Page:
Table of Contents

Criminal Enforcement of Intellectual Property

Criminal Enforcement of Intellectual Property

A Handbook of Contemporary Research

Research Handbooks in Intellectual Property series

Edited by Christophe Geiger

This wide-ranging Research Handbook is the first to offer a stimulating and systematic review of the framework for criminal enforcement of intellectual property rights. If counterfeiting constitutes an ever-growing international phenomenon with major economic and social repercussions, potentially affecting consumer safety and public health, the question of which are the appropriate instruments to enforce IP rights is a complex and sensitive one. Although criminal penalties can constitute strong and effective means of enforcement, serious doubts exist as to whether criminal sanctions are appropriate in every infringement situation. Drawing on legal, economic, historical and judicial perspectives, this book provides a differentiated sector-by-sector approach to the question of enforcement, and draws useful conclusions for future legislative initiatives at European, international and national levels.

Chapter 15: Criminalizing IP use in the UK: from trademark use to illicit downloads

Guido Westkamp

Subjects: law - academic, criminal law and justice, intellectual property law

Extract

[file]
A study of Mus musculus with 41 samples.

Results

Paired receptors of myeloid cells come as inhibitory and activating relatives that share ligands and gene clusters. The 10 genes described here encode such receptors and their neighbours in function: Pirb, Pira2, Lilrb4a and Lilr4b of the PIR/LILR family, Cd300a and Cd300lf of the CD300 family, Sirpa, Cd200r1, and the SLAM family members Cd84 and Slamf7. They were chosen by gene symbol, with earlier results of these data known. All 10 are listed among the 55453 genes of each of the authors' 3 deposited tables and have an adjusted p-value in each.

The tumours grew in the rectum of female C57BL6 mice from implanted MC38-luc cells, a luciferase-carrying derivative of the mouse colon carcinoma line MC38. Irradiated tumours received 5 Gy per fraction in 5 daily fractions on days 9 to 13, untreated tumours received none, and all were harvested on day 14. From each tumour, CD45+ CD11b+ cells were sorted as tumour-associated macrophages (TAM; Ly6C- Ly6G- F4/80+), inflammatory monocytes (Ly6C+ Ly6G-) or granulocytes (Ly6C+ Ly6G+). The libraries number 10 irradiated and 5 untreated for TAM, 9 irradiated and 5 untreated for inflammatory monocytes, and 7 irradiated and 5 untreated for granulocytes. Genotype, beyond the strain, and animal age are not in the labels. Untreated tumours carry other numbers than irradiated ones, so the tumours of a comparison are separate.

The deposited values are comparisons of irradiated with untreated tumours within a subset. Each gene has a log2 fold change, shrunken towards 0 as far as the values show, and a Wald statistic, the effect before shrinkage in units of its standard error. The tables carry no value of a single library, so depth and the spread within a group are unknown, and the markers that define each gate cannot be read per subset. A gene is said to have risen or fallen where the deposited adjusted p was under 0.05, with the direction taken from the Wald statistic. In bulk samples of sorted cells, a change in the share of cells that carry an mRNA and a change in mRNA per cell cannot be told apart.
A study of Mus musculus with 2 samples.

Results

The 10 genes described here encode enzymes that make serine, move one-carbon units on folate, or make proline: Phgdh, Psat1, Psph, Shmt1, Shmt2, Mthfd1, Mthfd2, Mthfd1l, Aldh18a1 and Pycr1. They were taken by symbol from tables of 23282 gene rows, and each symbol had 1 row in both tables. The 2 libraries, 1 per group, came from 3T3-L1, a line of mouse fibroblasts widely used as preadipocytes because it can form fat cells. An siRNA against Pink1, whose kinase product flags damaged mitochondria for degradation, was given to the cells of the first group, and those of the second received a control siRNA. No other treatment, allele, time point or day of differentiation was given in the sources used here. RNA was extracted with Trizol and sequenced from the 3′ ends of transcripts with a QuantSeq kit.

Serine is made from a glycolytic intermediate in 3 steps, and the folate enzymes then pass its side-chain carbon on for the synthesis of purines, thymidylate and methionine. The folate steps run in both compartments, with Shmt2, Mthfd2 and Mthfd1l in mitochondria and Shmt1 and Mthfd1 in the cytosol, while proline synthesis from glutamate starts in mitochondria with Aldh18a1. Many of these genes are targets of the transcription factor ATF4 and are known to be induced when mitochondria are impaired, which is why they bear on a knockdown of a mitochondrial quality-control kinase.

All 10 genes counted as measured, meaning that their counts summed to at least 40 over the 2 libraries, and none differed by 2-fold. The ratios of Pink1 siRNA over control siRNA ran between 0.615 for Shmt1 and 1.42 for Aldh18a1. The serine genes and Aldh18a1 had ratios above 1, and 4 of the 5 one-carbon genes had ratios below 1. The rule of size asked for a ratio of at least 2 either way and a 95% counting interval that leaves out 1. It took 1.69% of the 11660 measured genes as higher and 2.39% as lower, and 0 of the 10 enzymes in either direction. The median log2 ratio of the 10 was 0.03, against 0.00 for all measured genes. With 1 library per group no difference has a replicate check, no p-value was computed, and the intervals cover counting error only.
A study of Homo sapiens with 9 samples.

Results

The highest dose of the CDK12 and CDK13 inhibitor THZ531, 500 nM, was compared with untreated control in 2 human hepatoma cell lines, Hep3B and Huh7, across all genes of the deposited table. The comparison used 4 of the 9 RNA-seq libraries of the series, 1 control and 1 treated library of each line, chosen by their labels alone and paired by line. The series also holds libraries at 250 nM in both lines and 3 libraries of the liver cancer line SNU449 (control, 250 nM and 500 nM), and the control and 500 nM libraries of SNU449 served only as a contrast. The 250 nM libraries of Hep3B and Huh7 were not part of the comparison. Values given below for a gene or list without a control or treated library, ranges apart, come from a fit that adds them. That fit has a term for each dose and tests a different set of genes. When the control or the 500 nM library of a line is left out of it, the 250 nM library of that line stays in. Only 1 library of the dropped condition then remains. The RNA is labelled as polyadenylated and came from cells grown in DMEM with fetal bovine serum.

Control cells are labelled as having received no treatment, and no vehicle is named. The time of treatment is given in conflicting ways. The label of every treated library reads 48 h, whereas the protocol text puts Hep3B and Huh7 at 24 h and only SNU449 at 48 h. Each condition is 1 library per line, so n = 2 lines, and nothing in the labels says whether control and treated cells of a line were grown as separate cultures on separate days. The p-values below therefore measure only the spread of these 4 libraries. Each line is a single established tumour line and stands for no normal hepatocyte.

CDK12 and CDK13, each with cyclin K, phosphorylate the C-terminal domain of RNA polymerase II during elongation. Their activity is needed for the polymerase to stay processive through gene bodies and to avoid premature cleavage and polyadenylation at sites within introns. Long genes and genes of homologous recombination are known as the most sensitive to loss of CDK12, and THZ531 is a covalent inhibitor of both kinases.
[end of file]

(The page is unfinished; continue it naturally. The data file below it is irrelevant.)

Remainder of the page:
UK intellectual property law makes it a crime to infringe IP rights in certain limited circumstances. These pertain only to the infringement of a third party’s copyright or trademark right. It is a general condition that an infringement occurs on a commercial scale. It is the intention of the legislator to prevent piracy. However, in many cases the question of piracy is not as clear cut as appears, and often the term ‘infringement’ – which is as such not further defined in any of the statutory texts – causes doctrinal problems that put the legislative decision to apply criminal law to the test. This chapter will tentatively argue that – outside of salient examples of large scale counterfeiting – criminal norms prohibiting an infringement of IP rights are counter-productive, principally because the effect of deterrence diminishes a reasonable evolution of IP law, and in a similar vein because – for good reason – it is not possible to unequivocally determine what, from an ontological perspective, an IP right actually is. In other words, it is the fluctuation in normative IP assessment that necessarily determines the boundaries, time and again, irrespective of whether these boundaries are expanded or limited. In order to demonstrate this, this Chapter will identify salient examples under trademark and copyright law: the expansion of trademark rights on the one hand, and the notion of ‘copyright infringement’ as now established under the UK Digital Economy Act 2010.